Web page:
Definition: Zero-Energy Home

A zero-energy home is a house designed to generate as much energy as it typically uses. This energy is generated through renewable sources such as wind and solar power, and is used for functions such as lighting, appliances, heating, and cooling. Other renewable sources a zero-energy home may use solar thermal, geothermal, wind, and biomass energy systems. Zero-energy homes also typically are highly insulated and designed to be extremely energy efficient, even before taking into account their renewable energy sources. Learn more about Tucson's zero energy here.
A great idea but this example looks a bit like an army base from the dark ages...
Jepa Jepa 7 years
It said in the local newspaper that even here (in Finland!) we get enough sun to make solar panels a worthwhile investment. I read somewhere that in the UK they pay almost 70% more for heating and electricity than we do here up north. It’s all down to the difference in construction methods. In Finland all windows are either double or triple gazed and insulation is one of the key parts in construction.
JaeB JaeB 7 years
This would so work where I live in NorCal, excellently. In fact, the school across the street from me has a field of solar panels to supply their energy. We could definitely use wind power, too; it gets very windy in our valley. Mary Poppins windy.
ualili ualili 7 years
As a native Tucsonan, I think it's great that individuals/business in my community are making these kind of strides to reduce energy and make the use of renewable energy available in residential homes. We get about 350 days of sun a year so it only makes sense that we make good use of all the energy that nature offers. Now if I only had the resources available to make these sort of implementations in my home...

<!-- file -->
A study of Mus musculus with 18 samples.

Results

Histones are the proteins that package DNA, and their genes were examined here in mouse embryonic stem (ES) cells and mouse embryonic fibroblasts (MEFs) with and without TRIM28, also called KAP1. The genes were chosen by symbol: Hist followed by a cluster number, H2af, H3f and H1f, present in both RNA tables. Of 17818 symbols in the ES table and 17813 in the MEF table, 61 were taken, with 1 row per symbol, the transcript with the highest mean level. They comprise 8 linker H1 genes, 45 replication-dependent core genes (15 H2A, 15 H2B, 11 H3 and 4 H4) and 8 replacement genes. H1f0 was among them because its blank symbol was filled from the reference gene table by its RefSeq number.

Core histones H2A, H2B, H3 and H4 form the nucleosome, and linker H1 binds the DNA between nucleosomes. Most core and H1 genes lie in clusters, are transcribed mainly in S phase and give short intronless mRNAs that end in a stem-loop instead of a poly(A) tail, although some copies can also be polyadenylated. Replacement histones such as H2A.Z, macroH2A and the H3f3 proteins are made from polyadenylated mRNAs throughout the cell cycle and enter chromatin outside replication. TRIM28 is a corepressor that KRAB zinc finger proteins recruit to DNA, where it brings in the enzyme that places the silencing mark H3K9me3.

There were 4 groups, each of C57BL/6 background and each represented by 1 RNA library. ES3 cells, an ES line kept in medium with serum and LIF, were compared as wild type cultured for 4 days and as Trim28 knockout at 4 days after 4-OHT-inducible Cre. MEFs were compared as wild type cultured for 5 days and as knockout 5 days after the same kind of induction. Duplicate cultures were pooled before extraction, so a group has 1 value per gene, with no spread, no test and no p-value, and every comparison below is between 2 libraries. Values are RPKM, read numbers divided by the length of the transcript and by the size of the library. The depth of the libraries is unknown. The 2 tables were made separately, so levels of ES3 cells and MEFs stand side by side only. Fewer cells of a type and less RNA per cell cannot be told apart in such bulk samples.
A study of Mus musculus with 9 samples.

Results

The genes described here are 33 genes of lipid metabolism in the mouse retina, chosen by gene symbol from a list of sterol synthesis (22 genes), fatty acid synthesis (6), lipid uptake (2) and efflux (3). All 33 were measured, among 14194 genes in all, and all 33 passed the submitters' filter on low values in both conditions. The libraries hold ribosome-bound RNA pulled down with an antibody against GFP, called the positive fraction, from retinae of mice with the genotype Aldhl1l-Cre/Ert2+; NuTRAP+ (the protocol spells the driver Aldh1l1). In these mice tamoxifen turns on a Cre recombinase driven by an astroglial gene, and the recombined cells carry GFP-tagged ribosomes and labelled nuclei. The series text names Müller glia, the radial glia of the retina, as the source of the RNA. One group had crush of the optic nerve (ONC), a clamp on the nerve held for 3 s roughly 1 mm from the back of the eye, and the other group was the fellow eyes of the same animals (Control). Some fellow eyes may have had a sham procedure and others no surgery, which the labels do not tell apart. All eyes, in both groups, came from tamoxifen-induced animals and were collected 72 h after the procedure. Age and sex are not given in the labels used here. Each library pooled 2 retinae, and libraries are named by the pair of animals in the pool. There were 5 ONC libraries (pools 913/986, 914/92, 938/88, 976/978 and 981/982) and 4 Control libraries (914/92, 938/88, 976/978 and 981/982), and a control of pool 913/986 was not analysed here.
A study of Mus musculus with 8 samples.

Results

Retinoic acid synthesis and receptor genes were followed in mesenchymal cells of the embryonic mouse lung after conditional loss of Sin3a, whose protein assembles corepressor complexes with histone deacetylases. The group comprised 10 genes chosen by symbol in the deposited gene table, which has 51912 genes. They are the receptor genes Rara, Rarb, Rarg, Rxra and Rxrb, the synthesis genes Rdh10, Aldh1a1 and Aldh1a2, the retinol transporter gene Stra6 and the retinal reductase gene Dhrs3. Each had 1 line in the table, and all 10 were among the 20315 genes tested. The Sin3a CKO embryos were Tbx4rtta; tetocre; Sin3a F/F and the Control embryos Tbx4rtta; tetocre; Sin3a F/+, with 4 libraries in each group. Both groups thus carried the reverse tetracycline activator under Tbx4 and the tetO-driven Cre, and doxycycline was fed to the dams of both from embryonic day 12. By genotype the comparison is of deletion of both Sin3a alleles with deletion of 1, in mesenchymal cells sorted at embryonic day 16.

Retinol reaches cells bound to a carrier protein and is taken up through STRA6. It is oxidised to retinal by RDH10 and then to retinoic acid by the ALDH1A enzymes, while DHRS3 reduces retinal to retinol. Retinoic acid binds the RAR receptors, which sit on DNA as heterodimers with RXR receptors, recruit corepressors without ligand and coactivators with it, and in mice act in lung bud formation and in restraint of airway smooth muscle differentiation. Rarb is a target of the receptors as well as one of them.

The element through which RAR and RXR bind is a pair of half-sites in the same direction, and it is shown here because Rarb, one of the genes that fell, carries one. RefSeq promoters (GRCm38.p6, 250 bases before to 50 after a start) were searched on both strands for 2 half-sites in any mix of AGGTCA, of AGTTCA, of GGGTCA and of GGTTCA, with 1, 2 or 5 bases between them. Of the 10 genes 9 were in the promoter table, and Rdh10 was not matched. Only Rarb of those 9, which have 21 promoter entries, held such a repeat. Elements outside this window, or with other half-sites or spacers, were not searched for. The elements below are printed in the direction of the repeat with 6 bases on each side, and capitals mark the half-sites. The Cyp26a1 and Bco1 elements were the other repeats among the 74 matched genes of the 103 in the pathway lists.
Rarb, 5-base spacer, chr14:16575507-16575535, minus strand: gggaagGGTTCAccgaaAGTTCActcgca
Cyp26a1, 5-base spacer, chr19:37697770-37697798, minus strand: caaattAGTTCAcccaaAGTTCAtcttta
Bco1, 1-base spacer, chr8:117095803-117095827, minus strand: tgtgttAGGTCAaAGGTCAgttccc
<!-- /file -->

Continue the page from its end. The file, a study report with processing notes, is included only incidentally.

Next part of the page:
macgirl macgirl 7 years
My electricity bill this last month was $4.56- that's all taxes. I am interested in seeing how much we produce from the solar panels this winter. It is by no means cheap to add to the house (I think it added $25,000 during construction). It makes you think though. Now I'm trying to find a way to use the electricity we are making, maybe an electric car eventually? We are at the beach so supplementing with wind power at some point is feasible as well.
ehadams ehadams 7 years
Really cool but probably only feasible for certain parts of the county/world...like Tucson.
Iwillmarryunick Iwillmarryunick 7 years
A very cool idea but I wonder how much all this eco stuff adds to the initial cost of the house?